The inquest into the death of Alexander Litvinenko has turned farcical - but who is hiding what?

Sir Robert Own has granted most of the foreign secretary’s request to keep whole aspects not only out of the public domain, but out of the proceedings altogether

The latest statements from the inquest judge, Sir Robert Owen – released at the media-avoiders’ favourite time, late on Friday afternoon – only reinforce that scepticism. In essence, Sir Robert has granted most of the foreign secretary’s request to keep whole aspects not only out of the public domain, but out of the proceedings altogether. And the reason? As with inquiries into the “rendition” of terrorist suspects to third countries, as with efforts to keep certain evidence out of the inquiry into the 7/7 London bombings, there are objections from the security services. Our security services, by the way, not Russia’s.

Sir Robert admits it will now be hard for him to honour his initial promise to “undertake a full, fair and fearless inquiry”. He expatiates at length on the desirability of openness, even suggesting a public inquiry might be a preferable format, as evidence could then be heard in camera. But what is the gain, if crucial testimony remains under wraps?

Contrast the past six years of secrecy with the initial government reaction. For weeks after the exiled Russian intelligence officer succumbed to radiation poisoning, officials and MPs waxed eloquent in their horror that a British citizen could be killed at all, but especially in this obscure and excruciating way. An impression was created of Kremlin-sponsored assassins stalking London’s streets with impunity and the population at mortal risk from escaped lethal substances. Five months later, a new foreign secretary (David Miliband) expelled four Russian diplomats in connection with the affair and the refusal of the Russian government to extradite the chief suspect, Andrei Lugovoi. There was a minor tit-for-tat in the Cold War manner; British-Russia relations sank to yet another low, and UK and Russian detectives went hither and thither to strikingly little effect. Since then, only delay.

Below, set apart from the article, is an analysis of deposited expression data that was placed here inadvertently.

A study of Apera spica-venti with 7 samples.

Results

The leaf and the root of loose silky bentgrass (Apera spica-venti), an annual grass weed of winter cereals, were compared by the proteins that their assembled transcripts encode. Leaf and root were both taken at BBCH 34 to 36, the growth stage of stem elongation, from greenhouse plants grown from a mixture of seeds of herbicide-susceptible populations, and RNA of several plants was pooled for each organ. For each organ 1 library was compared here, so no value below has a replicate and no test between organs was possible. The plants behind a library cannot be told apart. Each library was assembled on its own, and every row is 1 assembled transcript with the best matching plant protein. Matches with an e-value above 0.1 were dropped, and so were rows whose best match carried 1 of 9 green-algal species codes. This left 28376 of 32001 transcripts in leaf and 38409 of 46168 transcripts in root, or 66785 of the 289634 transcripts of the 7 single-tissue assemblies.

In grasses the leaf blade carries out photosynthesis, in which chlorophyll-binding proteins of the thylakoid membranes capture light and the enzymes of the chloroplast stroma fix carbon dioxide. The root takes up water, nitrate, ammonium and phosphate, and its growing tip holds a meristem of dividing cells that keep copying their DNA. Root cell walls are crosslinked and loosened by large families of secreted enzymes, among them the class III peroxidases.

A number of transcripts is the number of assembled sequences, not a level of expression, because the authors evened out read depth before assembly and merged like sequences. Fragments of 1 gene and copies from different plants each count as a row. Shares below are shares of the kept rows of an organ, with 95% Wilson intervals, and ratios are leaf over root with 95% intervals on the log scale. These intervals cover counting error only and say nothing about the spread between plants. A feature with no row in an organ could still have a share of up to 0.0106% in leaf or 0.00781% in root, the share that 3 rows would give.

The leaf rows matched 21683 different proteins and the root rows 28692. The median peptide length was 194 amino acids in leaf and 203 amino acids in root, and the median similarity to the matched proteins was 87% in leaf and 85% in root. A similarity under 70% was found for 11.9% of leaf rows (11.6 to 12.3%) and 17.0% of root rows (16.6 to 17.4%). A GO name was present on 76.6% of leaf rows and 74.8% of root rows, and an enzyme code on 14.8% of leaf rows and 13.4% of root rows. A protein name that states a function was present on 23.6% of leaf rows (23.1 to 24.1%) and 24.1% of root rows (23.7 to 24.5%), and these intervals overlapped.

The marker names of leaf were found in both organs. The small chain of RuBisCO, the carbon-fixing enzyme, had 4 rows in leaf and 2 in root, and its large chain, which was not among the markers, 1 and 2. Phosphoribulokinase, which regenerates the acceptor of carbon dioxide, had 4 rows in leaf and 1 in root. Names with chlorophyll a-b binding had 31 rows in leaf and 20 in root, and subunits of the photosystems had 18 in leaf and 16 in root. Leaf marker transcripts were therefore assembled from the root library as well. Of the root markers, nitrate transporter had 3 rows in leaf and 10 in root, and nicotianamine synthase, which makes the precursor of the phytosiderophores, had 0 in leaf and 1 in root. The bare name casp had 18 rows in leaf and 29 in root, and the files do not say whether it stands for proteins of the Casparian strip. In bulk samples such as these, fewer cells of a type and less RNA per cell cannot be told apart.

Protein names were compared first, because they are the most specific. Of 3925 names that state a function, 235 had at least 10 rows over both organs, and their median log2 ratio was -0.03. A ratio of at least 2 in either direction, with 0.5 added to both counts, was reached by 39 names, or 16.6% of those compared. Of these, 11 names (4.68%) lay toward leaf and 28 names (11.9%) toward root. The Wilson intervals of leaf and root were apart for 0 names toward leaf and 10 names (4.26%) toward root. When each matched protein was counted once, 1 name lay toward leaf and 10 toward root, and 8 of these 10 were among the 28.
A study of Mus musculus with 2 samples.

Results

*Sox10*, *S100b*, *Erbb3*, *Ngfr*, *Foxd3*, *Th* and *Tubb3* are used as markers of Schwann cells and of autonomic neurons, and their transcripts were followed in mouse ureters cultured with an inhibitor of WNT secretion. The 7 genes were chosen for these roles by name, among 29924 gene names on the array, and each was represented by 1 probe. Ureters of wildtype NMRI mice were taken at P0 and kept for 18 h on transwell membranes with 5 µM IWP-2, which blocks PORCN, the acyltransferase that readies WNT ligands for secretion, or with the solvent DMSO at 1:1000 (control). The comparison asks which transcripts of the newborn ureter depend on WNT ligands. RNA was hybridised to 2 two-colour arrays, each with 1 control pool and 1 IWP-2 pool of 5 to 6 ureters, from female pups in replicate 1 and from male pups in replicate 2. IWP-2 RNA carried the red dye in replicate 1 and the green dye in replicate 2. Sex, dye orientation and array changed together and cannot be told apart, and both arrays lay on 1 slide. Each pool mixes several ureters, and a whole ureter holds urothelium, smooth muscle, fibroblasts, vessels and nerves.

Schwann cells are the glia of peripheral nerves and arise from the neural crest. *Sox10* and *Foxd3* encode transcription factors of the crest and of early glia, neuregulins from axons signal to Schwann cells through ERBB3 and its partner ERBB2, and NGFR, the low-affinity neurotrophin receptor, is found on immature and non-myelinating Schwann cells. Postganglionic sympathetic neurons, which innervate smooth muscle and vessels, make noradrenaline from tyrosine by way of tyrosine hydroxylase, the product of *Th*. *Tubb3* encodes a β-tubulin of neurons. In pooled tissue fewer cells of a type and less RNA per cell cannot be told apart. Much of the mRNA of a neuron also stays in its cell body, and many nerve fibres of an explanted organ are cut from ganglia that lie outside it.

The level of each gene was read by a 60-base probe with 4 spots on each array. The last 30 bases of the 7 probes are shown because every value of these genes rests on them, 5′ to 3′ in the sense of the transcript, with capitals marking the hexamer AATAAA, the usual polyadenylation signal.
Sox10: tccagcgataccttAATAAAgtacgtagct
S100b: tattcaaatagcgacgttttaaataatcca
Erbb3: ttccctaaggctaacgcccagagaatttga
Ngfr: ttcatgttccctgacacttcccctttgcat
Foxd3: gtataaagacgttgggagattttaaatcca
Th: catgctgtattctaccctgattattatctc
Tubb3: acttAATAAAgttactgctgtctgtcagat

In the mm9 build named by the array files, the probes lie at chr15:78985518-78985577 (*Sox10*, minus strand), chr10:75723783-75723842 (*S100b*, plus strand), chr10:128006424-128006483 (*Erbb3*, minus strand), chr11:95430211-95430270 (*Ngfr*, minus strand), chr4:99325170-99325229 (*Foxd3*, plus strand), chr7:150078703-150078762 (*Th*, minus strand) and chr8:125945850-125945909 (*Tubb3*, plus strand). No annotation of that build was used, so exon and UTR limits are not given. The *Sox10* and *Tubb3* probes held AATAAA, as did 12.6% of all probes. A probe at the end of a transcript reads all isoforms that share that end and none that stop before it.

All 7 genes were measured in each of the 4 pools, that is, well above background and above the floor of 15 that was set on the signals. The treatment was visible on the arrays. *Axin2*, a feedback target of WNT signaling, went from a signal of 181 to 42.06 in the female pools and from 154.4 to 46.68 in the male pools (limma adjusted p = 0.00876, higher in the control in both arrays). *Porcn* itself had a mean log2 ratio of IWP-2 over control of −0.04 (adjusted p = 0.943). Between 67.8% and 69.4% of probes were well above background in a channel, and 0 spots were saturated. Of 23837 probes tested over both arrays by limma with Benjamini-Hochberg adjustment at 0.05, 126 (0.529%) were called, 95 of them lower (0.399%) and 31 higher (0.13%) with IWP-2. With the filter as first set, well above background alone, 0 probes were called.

The same Litvinenko associates who presented his death as a Kremlin plot now see the closing up of British justice as proof that “the Kremlin did it”; they maintain that the UK and Russian security services have done a deal, and that David Cameron wants nothing to prevent a rapprochement with Vladimir Putin. A simpler reading would be that it is not Russia’s alleged role that is the stumbling block to a genuinely truth-seeking inquest, but Britain’s. Litvinenko was in the pay of British intelligence, but for what exactly was he paid ? And did that have something to do with how he died? Unless these questions are answered, our system will be as compromised as Russia’s.